How many of you ONLY use Bark to monitor your kid's electronic life?

Just curious if anyone is ONLY using Bark to monitor your child’s “electronic life” for social media, Internet, etc?

I personally have a very tech savvy kid (I’m an IT professional myself, so she learned by watching me) and she isn’t willfully defiant but she’s curious. She’ll find away around things if she can, just to see if she can sometimes.

So I’ve got a few things I run in concert with Bark to block the real nasty stuff out there too, like a Content Filter, Unified Threat Management (it’s geek talk for Anti-Virus, Anti-Malware, anti-cyber bad guys) platform and so on.

I’m not saying anything negative about Bark at all here, just to be clear. It’s the one tool in my arsenal that I just TRUST to do the job. Everything else is fiddly to an annoying level.

Just curious how many parents out there are going a bit overboard like me, really. (’-’*)

I use a combination of Bark and Google Family Link on my son’s Palm phone (smartphone). The televisions throughout the house have parental controls activated to restrict explicit content (for example, if he tries to access Netflix 12+ content he needs the pin code). We don’t have a common family computer right now, but he does use a thinkpad that his school issued for homework. He only uses it in the common areas (kitchen) etc. and it has filters as well. What content filter do you use? What devices does your child access? Mine is 10 and has an Android smartphone, uses the Family iPad from time to time, his thinkpad, and then a PS4.




Hi, @psauvola! Here’s my situation and what we use. :slight_smile:
I have 8th & 5th graders, who are generally very digitally responsible and have next to no “real” social media. They have and actively use: iPhones, Android tablets, PS4, Windows laptops, and Echo Dots & SmartTvs in the home (if you want to count those).

The only paid monitoring service that I use is Bark. We use this on their iPhones and Androids. It does also monitor Chrome browser on their computers, but personally we don’t use it there, because we don’t use Chrome on the Windows.

I use the built in parental controls / filters that came with our Netgear Nighthawk router. I believe it is basically Open DNS, as it redirects me to a Netgear ODNS site. It’s included free with the router I purchased. It does a great job at filtering out inappropriate websites. It also has time blocks, but I don’t implement them, as I use those on the individual devices and not at the router level.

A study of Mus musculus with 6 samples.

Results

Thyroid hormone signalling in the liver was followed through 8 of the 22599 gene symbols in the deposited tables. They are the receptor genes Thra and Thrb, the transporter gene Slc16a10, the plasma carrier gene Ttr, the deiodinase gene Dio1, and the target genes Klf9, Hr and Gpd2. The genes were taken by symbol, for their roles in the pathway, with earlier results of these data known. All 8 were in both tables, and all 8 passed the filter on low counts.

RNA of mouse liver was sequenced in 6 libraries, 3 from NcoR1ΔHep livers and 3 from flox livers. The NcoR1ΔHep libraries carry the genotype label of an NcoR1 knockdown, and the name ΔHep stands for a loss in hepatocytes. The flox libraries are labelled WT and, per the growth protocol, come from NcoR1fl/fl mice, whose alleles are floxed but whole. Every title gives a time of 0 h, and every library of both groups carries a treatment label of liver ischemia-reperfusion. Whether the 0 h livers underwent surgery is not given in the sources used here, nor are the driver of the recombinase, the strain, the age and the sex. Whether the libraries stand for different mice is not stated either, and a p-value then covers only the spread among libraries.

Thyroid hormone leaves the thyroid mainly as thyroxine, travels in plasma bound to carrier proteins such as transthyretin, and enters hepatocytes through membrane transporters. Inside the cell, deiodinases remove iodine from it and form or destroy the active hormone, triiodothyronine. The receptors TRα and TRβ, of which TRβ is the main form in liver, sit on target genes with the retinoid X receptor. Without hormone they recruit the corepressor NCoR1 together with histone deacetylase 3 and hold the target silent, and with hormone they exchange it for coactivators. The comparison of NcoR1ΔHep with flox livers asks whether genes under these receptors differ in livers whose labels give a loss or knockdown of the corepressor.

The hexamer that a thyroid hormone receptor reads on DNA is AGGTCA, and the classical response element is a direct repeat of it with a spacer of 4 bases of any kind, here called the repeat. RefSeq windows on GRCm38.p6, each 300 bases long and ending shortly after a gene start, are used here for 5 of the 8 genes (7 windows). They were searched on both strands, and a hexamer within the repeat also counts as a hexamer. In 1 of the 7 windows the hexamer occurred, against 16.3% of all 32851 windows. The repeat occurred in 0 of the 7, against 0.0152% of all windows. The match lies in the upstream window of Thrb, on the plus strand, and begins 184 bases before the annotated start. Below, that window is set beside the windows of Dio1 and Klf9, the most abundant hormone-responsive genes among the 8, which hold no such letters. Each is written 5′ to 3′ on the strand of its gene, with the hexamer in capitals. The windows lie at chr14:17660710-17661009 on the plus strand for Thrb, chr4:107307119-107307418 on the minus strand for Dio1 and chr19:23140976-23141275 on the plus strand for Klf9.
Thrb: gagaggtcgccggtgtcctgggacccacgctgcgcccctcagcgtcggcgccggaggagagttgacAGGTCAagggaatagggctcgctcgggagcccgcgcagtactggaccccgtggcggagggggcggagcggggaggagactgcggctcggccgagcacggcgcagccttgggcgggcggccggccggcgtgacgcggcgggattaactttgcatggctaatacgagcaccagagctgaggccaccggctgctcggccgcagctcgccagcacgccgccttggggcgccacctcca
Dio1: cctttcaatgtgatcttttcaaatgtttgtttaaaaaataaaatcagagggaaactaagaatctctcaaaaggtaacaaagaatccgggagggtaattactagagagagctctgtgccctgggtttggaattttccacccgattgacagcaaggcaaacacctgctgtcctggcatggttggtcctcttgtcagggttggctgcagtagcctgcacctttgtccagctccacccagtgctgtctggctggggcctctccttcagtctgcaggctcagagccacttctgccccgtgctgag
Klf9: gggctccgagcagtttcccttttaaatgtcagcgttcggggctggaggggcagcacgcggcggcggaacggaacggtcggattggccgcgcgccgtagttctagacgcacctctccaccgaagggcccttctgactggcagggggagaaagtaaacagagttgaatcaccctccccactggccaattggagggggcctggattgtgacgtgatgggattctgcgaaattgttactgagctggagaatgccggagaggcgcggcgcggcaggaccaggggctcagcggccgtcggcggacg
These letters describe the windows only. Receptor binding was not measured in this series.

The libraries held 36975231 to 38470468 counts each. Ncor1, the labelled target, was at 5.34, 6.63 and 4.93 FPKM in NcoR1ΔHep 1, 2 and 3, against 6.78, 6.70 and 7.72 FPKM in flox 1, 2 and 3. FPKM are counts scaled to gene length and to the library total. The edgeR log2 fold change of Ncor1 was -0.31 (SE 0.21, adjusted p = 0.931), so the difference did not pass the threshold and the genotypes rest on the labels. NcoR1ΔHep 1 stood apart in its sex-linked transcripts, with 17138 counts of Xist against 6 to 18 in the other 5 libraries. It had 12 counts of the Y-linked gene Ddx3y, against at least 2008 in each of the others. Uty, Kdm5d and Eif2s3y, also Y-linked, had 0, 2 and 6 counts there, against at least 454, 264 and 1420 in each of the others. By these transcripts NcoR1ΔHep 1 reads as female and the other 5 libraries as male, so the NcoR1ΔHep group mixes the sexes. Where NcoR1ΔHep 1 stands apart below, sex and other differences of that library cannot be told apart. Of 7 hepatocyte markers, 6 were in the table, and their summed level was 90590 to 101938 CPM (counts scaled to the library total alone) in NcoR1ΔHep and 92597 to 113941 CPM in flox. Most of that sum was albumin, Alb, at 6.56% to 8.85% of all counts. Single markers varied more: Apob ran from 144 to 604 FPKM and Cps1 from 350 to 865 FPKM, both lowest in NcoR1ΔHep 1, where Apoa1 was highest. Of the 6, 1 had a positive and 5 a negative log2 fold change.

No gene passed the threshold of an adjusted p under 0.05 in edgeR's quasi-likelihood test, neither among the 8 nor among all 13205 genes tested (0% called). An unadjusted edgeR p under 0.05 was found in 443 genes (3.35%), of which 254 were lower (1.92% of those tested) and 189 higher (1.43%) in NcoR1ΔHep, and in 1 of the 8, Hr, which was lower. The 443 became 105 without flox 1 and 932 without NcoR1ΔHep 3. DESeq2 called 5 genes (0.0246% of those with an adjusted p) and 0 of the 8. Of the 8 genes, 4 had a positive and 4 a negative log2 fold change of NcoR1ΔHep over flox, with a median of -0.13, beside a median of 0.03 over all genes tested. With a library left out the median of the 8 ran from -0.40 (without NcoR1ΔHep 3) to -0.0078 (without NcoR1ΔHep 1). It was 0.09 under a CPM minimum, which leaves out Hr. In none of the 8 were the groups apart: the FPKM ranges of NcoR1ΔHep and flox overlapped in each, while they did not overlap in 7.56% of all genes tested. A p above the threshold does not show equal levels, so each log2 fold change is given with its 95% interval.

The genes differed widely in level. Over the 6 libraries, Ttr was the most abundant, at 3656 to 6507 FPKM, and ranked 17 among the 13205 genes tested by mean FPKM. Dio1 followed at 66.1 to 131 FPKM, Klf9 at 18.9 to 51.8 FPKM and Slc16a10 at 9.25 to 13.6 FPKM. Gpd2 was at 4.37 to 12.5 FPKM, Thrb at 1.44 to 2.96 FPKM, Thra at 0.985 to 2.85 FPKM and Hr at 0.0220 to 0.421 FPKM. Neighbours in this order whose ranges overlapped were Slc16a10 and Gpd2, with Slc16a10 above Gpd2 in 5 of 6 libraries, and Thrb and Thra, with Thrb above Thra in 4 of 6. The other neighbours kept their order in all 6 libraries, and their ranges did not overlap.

For each device, I have set up and use the built in parental settings that come free and included with each. iOS Screen Time, Android Google Family Link, Windows Microsoft Family, PS4 settings, and then some individual parent settings on apps & services such as Netflix, Prime, etc.

I also do random spot checks as needed / desired. I created every personal account they have and only I know each login and password. I can log in or mirror on my device at any time. I also sometimes check their Google activity if needed.

I know that may sound like a lot, but honestly I’m pretty lax and do a lot of verbal “control” with it all. For example, I have their devices set to not be accessed at night when they sleep. We also do not allow devices in bedrooms at bedtime. Other than that, I do not have time restrictions set up; I simply verbally tell them, “OK, we need to take a screen break. Put them down and time to (play / homework / chores / etc.)”. This works for us, because we have sports & activities that differ day to day, so our screentime can change on a daily basis. They may have no sports or no homework one day, and the next they may be very busy with that. So for us, setting a daily screen limit of (1 hour) etc. isn’t ideal. I just tell them when they can have them and when they can’t.

That’s what works for us! I hope this helps. :slight_smile:


@Jodie your setup sounds smart and very close to what I do. Hearing that other parents use a similar approach makes me feel better about the possibility to feel invasive to my daughter. But like I mentioned we do have talks regularly about digital life.